By Jessica Zafra
IT STARTS with a phone call in the dead of night, then a visit to the morgue where the body of an Iraq war veteran named Matt Skokie waits to be identified. Skokie’s house in Modesto, California had been broken into, leaving him dead and his wife Gwen in a coma. His father Russ confirms his identity then goes to the bathroom, where he sobs and wails like a wounded animal. Russ’s grief is painful to watch, but the camera looks on pitilessly. This refusal to look away from the uncomfortable truth or allay the viewer’s distress is what distinguishes American Crime on ABC from the recognizable network offering. Cable and online streaming services may be winning the battle for prestige TV but the mainstream hasn’t given up completely.
The opening scenes suggest that we’re in for an investigative drama somewhere between CSI and True Detective. But the only detectives in sight bring no clarity to the case. Showrunner John Ridley is less interested in the personal stories of victims and perpetrators than in the broader drama of American society. If you saw a single cable news program this year, you know that the big story in the US (and now in Europe as it deals with migration) is race. Young black men choked or shot by the police, black churchgoers gunned down — 50 years after the Civil Rights movement, that great nation built by immigrants is still fraught with racial tensions.
Ridley won an Oscar for the screenplay of 12 Years A Slave, in which we witnessed the racial divide through the eyes of a black man kidnapped and sold into slavery. Here Ridley’s protagonist is a white woman fighting for justice for her dead son, who realizes belatedly that she is a racist. Felicity Huffman, her face hardened by sorrow and rage, her voice scraped with bitterness, plays the grieving mother Barb Hanlon.
Barb — the name is not an accident — is an unrepentantly repulsive character. Upon hearing that the suspects include Mexican-Americans, she concludes that they are “illegals.” She is spiteful towards her ex-husband Russ, and even if she has every reason to hate him we’re inclined to take his side. After a black man is arrested for her son’s murder, she pushes the state prosecutor to call it a hate crime. Barb rages at the police and at the public, claiming that if it had been a black man killed by a white man, they would pay more attention. She clings to her image of her son as an upstanding citizen and war hero, even if she knows this to be untrue.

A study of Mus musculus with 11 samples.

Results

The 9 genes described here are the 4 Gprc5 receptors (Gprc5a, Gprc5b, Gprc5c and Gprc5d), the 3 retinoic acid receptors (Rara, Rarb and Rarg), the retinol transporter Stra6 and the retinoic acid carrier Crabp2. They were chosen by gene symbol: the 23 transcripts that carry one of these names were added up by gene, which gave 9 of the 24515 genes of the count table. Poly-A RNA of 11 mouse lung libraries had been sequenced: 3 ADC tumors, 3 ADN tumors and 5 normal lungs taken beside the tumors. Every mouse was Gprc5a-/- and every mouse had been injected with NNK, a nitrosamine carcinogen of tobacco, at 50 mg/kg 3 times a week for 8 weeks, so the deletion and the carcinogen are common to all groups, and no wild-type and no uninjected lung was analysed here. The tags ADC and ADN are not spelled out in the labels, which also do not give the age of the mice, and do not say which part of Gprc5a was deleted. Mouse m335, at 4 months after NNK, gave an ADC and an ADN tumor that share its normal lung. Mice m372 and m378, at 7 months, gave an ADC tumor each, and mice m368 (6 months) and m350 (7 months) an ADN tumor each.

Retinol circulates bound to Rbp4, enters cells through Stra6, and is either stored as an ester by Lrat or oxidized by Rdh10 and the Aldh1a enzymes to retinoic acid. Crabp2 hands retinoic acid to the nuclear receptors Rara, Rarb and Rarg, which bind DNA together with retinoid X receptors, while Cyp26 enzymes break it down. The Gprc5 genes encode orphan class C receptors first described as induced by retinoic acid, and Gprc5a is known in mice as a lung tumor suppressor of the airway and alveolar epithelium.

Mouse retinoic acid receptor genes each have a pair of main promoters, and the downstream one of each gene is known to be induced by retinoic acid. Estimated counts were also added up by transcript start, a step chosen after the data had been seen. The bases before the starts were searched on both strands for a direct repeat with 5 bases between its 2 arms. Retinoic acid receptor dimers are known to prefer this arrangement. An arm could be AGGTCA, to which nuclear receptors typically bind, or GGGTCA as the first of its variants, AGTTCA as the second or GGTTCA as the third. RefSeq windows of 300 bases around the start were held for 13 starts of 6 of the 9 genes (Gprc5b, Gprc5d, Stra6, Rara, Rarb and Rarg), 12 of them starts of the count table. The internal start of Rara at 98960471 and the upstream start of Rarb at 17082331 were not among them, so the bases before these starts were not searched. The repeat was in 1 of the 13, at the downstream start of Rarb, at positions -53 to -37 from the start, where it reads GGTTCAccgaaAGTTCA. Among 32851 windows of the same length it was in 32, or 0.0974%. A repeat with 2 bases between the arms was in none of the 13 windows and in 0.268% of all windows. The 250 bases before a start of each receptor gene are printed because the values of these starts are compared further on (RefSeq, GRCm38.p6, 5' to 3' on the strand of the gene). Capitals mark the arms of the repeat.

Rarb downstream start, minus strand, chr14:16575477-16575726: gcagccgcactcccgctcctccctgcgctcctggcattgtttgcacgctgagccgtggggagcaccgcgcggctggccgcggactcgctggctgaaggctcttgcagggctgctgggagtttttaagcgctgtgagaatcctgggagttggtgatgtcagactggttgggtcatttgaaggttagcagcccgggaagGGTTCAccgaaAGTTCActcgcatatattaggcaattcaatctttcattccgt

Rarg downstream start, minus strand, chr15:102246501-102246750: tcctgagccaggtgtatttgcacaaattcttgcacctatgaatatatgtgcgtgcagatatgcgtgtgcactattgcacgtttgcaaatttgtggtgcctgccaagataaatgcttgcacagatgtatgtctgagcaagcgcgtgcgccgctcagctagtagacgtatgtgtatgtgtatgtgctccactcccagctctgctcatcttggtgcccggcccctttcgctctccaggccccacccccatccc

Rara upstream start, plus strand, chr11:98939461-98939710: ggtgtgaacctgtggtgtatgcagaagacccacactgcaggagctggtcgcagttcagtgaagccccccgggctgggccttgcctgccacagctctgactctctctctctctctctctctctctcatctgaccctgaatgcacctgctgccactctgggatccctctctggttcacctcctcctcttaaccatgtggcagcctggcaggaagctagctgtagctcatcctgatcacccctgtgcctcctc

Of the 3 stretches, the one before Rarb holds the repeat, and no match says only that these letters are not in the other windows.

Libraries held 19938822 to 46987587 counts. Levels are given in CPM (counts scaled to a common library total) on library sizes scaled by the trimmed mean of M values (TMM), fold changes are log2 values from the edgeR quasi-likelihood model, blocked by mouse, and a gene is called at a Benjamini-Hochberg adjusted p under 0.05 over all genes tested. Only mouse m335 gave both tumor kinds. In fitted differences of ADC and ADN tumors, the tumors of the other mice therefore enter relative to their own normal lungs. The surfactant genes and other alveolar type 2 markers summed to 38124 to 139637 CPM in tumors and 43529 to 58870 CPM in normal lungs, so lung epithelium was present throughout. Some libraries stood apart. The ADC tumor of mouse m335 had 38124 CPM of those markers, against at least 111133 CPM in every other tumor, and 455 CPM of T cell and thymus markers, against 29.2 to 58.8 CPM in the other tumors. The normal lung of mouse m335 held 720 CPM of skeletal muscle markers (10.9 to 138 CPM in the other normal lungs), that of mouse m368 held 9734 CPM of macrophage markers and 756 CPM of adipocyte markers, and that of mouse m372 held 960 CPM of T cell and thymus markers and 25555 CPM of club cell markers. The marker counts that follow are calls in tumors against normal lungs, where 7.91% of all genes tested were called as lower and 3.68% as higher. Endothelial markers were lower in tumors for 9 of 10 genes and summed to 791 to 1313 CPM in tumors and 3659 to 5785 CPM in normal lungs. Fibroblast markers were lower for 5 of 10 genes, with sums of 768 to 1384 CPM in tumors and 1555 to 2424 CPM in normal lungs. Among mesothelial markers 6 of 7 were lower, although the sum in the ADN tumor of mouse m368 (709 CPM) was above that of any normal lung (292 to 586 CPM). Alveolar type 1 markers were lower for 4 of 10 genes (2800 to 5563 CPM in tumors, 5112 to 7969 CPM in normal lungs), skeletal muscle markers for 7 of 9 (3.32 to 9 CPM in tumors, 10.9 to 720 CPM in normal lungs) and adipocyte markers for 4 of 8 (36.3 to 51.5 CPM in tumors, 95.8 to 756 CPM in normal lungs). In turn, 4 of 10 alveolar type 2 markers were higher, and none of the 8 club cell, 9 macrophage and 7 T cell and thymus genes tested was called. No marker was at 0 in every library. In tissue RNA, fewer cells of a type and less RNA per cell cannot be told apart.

Huffman alienates us at every turn, and yet she is so compelling as a strong woman demanding justice that we feel for her. We don’t like her, and we don’t have to like her. It’s an awesome performance that could blow everyone away, but the rest of the cast rises to meet her.
Timothy Hutton’s Russ is Barb’s opposite: likeable, weak, desperately trying to make amends for his past sins. (His bald spot is practically a message from my youth.) You root for Russ, you wish that for once he would be the hero, but he just doesn’t have it in him. Hutton doesn’t aim for pity, but for redemption.
Richard Cabral is excellent as Hector Tontz, a low-level gang member who claims to have knowledge of the murder. Oily and goatish, Hector’s goal is to avoid extradition to Mexico, where he has been charged with murder. Whenever Hector speaks, you can hear the gears turning in his head as he invents lie after lie. The police investigation also nets Tony Gutierrez (Johnny Ortiz), a sheltered teenager whose father Alonzo (Benito Martinez) had migrated from Mexico. Alonzo’s goal is to be accepted by the white Americans and not be lumped with “those others.” So badly does Alonzo want to be regarded as an “insider” that when the police arrest Tony, Alonzo tells him to answer all their questions instead of demanding a lawyer. His trust in the system gets Tony jailed.
In American Crime there is no laughter or comfort. The victims are not the people their parents thought they were. At first Gwen’s parents Tom and Eve Carlin (W. Earl Brown and Penelope Miller) deal with the possibility that their comatose daughter had been raped. When Tom, a devout Christian, learns that Gwen had consensual sex with multiple partners, he grows to hate his daughter.
Amid all this despair and hostility there is love, profound and unshakeable, and it’s between junkies. The murder suspect, a black man named Carter Nix (Elvis Nolasco), lives with a white woman, Aubry Taylor (Caitlin Gerard). Before their arrest they live in terrible squalor, but they’re happy because they have each other. And meth.
Aubry escapes into a dream world she cobbled together out of photos of happy multiracial couples torn out of magazines. One of the ironies in American Crime is that the only people who experience the kind of overwhelming, self-sacrificing love everyone aspires to are damaged beyond repair. It’s fascinating to watch Aubry lie and scheme so she can be with Carter — when it seems her far-fetched plan might actually work, she sabotages it by stopping for drugs.
Each episode offers a little more information about the characters, a bit more insight into the judicial process, and more gasoline for the racial conflagration. Barb gets the support of Nancy Staumberg (Lili Taylor), a woman whose own son had been murdered. Aliyah Shadeed (Regina King) — Carter’s sister, the former Doreen Nix — organizes Carter’s defense with the support of the Muslim community, fueling more of Barb’s “you people” outbursts.
If you require clear-cut endings, prepare for disappointment. We never find out who the murderer is. Barb never becomes a nice person. Barb and Russ don’t get back together. Carter and Aubry don’t live happily ever after. American Crime is a grim, nuanced portrait of race and justice. Yes, the truth is a bummer.